This content applies to England & Wales

The Environmental Protection Act 1990 (EPA 1990) came into force on 1 January 1991 and replaced provisions found previously in the Public Health Act 1936.

Effects of housing conditions

The EPA 1990 is primarily concerned with the effects of housing conditions, rather than the housing conditions in themselves. Therefore, unlike other remedies for disrepair (such as those found under the Landlord and Tenant Act 1985, which require landlords to carry out repairs) there is no requirement for the problem to have resulted from any deterioration in the condition of the property. It may be more effective than other remedies in certain situations, such as where a lack of damp-proofing or insulation in buildings has had an effect on the occupier, even if damp-proofing or insulation was never provided at the property.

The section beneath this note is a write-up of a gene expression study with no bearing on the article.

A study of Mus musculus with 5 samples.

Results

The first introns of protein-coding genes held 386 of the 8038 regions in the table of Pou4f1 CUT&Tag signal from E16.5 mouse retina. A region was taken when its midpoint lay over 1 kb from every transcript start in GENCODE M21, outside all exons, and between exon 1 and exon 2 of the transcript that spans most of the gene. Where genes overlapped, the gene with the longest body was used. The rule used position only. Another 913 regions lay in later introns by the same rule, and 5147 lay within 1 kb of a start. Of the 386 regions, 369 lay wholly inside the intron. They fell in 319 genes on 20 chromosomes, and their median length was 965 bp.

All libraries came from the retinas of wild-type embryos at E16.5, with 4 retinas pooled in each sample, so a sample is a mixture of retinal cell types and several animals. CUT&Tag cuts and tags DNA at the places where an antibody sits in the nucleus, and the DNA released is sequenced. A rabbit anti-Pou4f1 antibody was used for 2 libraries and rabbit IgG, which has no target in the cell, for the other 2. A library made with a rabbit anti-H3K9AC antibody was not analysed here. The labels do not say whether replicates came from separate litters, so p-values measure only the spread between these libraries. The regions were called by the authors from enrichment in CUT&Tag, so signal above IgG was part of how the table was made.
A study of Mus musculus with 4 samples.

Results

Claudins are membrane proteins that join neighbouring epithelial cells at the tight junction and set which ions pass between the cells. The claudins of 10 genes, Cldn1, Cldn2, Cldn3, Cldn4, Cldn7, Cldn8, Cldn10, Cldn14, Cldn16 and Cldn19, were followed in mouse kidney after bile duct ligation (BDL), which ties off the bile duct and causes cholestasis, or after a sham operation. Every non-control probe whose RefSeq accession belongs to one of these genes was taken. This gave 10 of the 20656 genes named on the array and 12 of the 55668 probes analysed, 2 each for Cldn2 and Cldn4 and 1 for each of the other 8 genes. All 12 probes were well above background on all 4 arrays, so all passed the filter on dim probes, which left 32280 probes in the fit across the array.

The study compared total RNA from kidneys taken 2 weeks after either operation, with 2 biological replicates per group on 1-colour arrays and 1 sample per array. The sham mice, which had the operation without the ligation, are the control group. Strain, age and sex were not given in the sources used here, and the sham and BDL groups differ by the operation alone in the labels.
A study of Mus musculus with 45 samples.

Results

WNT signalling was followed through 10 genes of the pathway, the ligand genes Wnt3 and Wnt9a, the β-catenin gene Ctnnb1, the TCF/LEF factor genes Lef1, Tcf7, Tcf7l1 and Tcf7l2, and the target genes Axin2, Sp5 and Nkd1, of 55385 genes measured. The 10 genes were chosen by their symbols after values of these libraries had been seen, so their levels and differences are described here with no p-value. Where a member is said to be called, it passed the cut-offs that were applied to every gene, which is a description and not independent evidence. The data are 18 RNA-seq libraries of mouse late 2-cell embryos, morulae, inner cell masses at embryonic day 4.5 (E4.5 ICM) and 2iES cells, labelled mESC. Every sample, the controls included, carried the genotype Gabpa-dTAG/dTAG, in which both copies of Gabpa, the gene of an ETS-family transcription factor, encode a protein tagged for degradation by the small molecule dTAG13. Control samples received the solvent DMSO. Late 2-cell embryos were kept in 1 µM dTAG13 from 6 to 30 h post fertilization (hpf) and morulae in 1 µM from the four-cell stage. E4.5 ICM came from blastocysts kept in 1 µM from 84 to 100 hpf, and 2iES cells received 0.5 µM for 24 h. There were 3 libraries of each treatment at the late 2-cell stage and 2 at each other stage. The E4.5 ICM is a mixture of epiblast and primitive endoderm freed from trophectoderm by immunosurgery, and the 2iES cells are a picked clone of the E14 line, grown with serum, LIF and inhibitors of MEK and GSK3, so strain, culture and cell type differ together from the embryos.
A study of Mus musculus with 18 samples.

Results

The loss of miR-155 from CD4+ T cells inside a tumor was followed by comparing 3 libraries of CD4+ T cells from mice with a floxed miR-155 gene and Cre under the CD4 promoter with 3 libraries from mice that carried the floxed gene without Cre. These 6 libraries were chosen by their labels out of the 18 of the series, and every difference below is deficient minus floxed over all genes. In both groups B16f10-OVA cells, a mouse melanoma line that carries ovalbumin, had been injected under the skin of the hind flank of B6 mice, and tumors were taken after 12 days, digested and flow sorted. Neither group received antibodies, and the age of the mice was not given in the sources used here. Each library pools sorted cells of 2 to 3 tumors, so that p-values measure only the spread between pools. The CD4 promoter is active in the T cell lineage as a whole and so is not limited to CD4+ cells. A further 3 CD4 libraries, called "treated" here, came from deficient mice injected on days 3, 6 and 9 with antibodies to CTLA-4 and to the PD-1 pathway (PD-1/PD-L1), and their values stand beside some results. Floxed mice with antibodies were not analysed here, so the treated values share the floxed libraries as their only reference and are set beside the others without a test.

Statutory nuisance

The EPA 1990 can be used by local authorities, tenants, and other 'affected persons' (such as occupiers of adjoining properties) in order to remedy poor housing conditions that constitute a 'statutory nuisance'.[1] The concept of statutory nuisance has two components:

  • whether the condition of the housing is prejudicial to health or
  • whether the condition of the housing constitutes a nuisance.

Breaches of the EPA 1990 are criminal offences. Therefore, action is taken in the criminal courts, and the burden of proof is 'beyond all reasonable doubt' rather than on the 'balance of probabilities'.

[1] ss. 79-83 Environmental Protection Act 1990.